Scammer Says Goodbye to False Claims about Greeting Card Business Opportunity

For Release

A businessman has settled Federal Trade Commission charges that he sold his greeting card display rack business opportunities by misrepresenting the potential earnings that consumers could make. The FTC also alleged he did not provide any disclosure documents to purchasers, as required. The settlement bars the businessman from making false earnings claims, using shills, and misrepresenting the profitability of secured locations in the future, and prohibits him from violating the Franchise Rule or Business Opportunity Rule.

Thomas E. Richardson, the man behind Mid-South Distributors, advertised his greeting card display rack business opportunities in classified ads in local newspapers, claiming that purchasers could earn as much as $65,000 a year. Based in Florence, Alabama, he sold distributorships in Georgia, Alabama, Tennessee, Mississippi, Florida, and Kentucky. Richardson promised potential purchasers that for an investment of $8,500 or more, they would receive everything they needed to start a business: an initial inventory of greeting cards, display racks for the cards, and profitable locations where he would supposedly place the cards and racks for the purchaser.

According to the FTC, consumers never earned anything close to the income levels they were promised. The Commission alleged that in almost every case, consumers made less than $100 per month. The highest earning purchaser only returned $2,006 for the entire year by investing in 20 locations. In addition, Richardson often did not provide his customers with the promised number of locations for their display racks. Typically, the locations he did provide were not in high traffic areas, and resulted in few greeting card sales for the consumers. Also, the FTC accused Richardson of not providing any of the disclosures that are required by the Franchise Rule.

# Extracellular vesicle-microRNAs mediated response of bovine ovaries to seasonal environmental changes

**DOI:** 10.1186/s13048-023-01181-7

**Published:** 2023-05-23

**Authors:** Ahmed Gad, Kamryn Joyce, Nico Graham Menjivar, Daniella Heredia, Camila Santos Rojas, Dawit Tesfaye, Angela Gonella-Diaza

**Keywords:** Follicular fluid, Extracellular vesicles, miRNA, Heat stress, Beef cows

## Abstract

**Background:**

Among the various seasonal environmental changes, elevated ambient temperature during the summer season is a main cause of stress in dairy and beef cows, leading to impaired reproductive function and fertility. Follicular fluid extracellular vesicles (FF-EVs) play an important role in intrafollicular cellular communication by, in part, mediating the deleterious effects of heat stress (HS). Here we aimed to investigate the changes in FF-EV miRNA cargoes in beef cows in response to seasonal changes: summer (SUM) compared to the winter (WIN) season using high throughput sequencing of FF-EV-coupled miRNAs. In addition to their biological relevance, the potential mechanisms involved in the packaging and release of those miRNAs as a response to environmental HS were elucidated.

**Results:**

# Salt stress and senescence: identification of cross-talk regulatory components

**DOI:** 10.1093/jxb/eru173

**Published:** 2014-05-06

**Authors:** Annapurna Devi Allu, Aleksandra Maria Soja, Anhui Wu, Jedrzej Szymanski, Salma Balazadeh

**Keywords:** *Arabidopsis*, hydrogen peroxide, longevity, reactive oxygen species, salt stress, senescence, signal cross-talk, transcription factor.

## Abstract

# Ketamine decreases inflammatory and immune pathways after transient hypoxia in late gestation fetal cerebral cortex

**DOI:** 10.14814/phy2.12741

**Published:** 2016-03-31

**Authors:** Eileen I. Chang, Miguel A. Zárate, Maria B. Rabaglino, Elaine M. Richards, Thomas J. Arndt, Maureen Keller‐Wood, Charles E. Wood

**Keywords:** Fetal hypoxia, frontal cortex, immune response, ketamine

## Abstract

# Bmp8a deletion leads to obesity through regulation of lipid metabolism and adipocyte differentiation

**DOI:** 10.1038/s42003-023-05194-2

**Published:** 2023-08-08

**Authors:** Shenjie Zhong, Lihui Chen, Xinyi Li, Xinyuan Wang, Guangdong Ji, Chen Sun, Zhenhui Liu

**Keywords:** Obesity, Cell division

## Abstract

The order entered by the court prohibits Richardson from making future false claims in connection with the sale of any business venture. In particular, he is prohibited from misrepresenting that: consumers who purchase a business venture are likely to earn substantial income; certain company selected references have purchased a business venture or will provide reliable descriptions of their experiences with the business venture; and locations have been secured or will be secured in geographic areas that will produce a high volume of sales.

The order also enters a monetary judgment of $901,402.89 – the total amount of money consumers paid, minus any refunds that were given. The judgment is suspended based on sworn financial disclosures. However, if it is found the defendant lied in those financial statements, then the full amount will be due.

The FTC brought this case as part of Project FAL$E HOPE$, a nationwide crackdown last December on bogus business opportunities by federal, state, and local authorities.

The Commission vote to authorize staff to file the stipulated final order was 5-0. The stipulated final order for permanent injunction was entered by the U.S. District Court for the Northern District of Alabama on May 31, 2007.

NOTE: This stipulated final order is for settlement purposes only and does not constitute an admission by the defendant of a law violation. A stipulated final order requires approval by the court and has the force of law when signed by the judge.

Copies of the stipulated final order are available from the FTC’s Web site at http://www.ftc.gov and also from the FTC’s Consumer Response Center, Room 130, 600 Pennsylvania Avenue, N.W., Washington, D.C. 20580. The FTC works for the consumer to prevent fraudulent, deceptive, and unfair business practices in the marketplace and to provide information to help consumers spot, stop, and avoid them. To file a complaint in English or Spanish or to get free information on any of 150 consumer topics, call toll-free, 1-877-FTC-HELP (1-877-382-4357), or use the complaint form at http://www.ftc.gov/ftc/complaint.shtm. The FTC enters Internet, telemarketing, identity theft, and other fraud-related complaints into Consumer Sentinel, a secure, online database available to more than 1,600 civil and criminal law enforcement agencies in the U.S. and abroad.